Meal replacement means that instead of eating a meal or snack, you replace it with the formulated product. Generally these products are marketed towards convenience and specific dietary related functions. However they all contain considerable risks to health if not consumed in moderation (meaning occasionally, not the majority of the diet). Proper nutrition requires ingestion and absorption of fibre, vitamins, minerals, and food energy in the form of carbohydrates, proteins,vegetable oils, and fats. These types of products also tends to be quite high in chemical additives.
Beverages and Bars With modern Australians becoming more and more busy, meal replacement beverages and and bars are becoming more common.
Weight Control Products The food market has an abundance of weight and diet control products available today. Some meal-replacement products, such as milk shakes, soups, bars and powders claim to aid weight loss.
Whilst weight loss may occur initially, these types of diets are difficult to sustain and can become boring. The dieter does not learn how to make healthier food choices and eventually re gains the weight when they return to their usual diet. There are also a range of meal replacement products, aimed mostly at men, which are promoted to increase body mass and muscle due to their high protein, vitamin and mineral content.
There are health concerns about meal replacement products as excessive intake of some vitamins and minerals may be dangerous and excess protein can be stored as fat.
Snack Bars Snacking is an important part of the diet, and traditionally snacks were considered to be a piece of fruit, or ingredients that were commonly available in the home, such as leftovers. Research now indicates that Australians are replacing meals with snacks.
With the trend of convenience, packaged snack foods are now a significant business. Snack foods are typically designed to be portable, quick and satisfying. Processed snack foods are designed to be less perishable, more durable, and more portable than prepared foods. They often contain substantial amounts of sweeteners, preservatives, and appealing ingredients such as chocolate, peanuts, and specially-designed flavors (such as flavored potato chips).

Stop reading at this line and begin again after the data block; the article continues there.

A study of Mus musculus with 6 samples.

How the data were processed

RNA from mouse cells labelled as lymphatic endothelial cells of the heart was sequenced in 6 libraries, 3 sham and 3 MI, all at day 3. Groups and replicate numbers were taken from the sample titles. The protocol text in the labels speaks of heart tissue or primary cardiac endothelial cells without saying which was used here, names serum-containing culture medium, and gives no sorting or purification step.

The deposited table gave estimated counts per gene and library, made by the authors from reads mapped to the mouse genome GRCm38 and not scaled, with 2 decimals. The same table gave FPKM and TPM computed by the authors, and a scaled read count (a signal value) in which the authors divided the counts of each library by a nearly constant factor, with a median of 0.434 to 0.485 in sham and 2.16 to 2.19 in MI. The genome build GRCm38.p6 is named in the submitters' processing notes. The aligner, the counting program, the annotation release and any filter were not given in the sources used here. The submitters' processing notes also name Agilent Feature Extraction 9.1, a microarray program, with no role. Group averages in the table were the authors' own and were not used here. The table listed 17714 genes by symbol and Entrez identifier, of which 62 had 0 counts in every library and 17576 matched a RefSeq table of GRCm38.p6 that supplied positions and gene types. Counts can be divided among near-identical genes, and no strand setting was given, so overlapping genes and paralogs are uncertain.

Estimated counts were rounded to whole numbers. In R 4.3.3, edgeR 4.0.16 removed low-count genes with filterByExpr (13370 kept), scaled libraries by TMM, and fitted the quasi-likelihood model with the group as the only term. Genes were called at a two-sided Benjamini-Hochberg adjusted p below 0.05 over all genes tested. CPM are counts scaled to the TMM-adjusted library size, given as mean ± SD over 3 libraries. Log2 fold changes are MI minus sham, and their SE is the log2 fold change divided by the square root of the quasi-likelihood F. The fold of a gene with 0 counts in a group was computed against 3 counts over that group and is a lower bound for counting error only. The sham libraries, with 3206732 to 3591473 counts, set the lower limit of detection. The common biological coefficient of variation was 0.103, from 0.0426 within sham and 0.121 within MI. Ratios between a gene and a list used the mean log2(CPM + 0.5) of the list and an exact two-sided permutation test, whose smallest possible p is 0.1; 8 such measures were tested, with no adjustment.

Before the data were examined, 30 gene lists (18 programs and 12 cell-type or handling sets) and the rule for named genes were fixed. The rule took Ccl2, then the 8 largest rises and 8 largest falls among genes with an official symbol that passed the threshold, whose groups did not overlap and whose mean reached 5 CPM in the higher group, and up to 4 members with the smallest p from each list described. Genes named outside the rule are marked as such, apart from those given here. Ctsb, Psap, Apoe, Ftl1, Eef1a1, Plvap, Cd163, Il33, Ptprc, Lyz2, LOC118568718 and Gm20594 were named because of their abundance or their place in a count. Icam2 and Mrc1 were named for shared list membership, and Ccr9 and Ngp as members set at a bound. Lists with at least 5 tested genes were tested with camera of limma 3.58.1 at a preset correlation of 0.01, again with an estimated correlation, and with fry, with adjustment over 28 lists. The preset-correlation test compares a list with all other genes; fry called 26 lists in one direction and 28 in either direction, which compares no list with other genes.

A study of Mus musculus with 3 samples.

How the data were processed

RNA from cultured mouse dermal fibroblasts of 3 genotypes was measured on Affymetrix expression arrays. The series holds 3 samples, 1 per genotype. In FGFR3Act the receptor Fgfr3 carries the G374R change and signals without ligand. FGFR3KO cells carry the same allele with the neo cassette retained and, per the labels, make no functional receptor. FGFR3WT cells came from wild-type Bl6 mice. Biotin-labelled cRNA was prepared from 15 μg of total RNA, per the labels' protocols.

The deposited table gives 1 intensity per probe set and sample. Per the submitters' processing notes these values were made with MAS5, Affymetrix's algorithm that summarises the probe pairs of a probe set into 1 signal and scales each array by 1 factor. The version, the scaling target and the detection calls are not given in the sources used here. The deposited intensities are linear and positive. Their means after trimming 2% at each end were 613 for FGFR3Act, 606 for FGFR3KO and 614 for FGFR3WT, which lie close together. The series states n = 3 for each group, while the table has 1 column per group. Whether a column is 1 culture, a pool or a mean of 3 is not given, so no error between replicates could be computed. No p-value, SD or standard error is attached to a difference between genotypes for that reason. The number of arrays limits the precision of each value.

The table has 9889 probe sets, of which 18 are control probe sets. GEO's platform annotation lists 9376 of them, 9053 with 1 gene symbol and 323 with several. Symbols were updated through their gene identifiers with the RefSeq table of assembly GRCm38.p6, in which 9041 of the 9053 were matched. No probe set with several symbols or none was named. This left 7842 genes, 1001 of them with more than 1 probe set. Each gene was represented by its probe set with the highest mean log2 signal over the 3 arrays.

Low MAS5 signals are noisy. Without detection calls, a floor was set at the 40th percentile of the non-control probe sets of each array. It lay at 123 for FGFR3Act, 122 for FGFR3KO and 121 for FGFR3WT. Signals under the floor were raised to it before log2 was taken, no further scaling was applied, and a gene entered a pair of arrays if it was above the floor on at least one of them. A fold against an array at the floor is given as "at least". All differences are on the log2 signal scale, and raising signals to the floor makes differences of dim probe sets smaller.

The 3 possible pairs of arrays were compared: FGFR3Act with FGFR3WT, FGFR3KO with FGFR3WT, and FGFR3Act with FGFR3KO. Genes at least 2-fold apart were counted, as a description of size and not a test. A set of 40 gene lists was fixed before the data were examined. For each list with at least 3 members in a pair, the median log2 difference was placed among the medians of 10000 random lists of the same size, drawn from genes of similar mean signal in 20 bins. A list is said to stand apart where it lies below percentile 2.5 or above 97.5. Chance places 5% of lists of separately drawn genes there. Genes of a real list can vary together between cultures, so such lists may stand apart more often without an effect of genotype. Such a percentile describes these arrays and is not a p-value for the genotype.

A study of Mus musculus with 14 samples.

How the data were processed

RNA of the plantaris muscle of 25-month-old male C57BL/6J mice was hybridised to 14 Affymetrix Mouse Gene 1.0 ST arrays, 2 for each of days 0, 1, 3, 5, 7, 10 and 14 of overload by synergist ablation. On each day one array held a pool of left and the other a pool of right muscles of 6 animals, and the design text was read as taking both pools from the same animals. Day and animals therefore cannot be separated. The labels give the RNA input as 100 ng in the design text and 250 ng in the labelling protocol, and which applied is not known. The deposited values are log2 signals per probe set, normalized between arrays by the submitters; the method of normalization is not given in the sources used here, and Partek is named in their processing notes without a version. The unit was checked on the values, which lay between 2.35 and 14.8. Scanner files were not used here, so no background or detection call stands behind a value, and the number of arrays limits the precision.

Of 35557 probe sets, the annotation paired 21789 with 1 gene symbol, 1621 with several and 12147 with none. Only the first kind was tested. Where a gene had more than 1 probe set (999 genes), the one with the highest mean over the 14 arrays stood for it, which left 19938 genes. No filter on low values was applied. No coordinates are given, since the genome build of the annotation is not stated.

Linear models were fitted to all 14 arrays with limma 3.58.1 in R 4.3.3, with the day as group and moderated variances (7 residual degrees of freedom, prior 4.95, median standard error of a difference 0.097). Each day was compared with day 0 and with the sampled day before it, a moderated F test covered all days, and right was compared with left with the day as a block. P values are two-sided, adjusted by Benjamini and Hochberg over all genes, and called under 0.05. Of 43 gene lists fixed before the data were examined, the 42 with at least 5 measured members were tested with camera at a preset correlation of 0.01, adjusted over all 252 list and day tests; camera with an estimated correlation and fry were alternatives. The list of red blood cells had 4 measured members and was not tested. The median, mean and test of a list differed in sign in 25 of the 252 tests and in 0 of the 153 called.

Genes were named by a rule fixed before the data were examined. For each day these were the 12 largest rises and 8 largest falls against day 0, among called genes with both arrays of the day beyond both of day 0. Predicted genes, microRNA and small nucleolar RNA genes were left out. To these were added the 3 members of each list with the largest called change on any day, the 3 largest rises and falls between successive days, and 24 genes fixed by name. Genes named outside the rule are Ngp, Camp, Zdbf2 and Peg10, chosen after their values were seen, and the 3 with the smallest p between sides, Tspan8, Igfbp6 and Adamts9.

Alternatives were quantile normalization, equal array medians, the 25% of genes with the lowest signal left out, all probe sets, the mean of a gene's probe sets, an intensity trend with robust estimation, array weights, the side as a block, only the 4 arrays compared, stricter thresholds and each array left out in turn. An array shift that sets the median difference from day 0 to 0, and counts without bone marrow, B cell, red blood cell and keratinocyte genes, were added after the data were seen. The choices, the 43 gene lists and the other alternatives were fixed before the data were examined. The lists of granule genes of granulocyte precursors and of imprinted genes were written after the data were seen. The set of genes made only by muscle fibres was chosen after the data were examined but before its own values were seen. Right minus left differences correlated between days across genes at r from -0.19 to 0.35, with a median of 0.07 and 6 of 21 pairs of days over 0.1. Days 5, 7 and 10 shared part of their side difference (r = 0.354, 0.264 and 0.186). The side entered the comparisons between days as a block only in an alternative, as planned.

Snack foods are often subjectively classified as junk food because they typically have little or no nutritional value,and are not seen as contributing towards general health and nutrition. With growing concerns for diet, weight control and general health, government bodies are recommending that people make a conscious effort to eat more healthy, natural snacks – such as fruit, vegetables, nuts and cereal grains – while avoiding high-calorie, low-nutrient junk food.
A 2010 study showed that children in the United States snacked on average six times per day, approximately twice as often as American children in the 1970s.
Electrolyte Replacement Drinks Electrolyte replacement drinks are designed to help athletes rehydrate and replace electrolytes (sodium, potassium, chloride) and salts that have been lost through sweating during training or competition. Whilst these drinks were originally intended for athletes, they are now also promoted to the general public. They come in an array of colours and flavours to appeal to young people. These beverages should be drunk in moderation as they contain high amounts of glucose, to provide energy, but also large amounts of electrolytes such as sodium can contribute to health problems such as hypertension.
TASK 7: Meal Replacements 1. What are the major health risks associated with meal replacement products? They all contain considerable risks to health if not consumed in moderation (meaning occasionally, not the majority of the diet), and also have many chemical additives. 2. We gain weight if the calories we intake exceed our energy usage. If you were to exceed your daily calorie intake by consuming extra snacks you would need to do extra exercise to burn off the excess calories and avoid putting on weight.
How much exercise (Activity of your choice) would you need to do if you exceeded your daily calorie intake through snacking on:
French Fries (Med) 458.3 calories, 2 hours of dancing
Doughnut (1) 250.1 calories, 50 minutes of dancing
Apple Slices (1 apple) 36.9 calories, 7 minutes of dancing
3a.Look at the slide show below it contains images of the ingredients lists from some popular food products such as Doritos, Potato chips, Gatorade and Diet Shake.
b. From the product labels, roughly count how many specific ingredients you do NOT know: what it is, where it comes from or what it does to your body. About 8 Disodium Guanylate: It is a natural salt, made from fish or seaweed, it is used in things like 2 minute noodles, packet soups or canned vegetables. c. Would you still consider consuming these products considering the number of ingredients you don't know about? Post your number of ingredients and opinion on the Class Blog Discussion 3.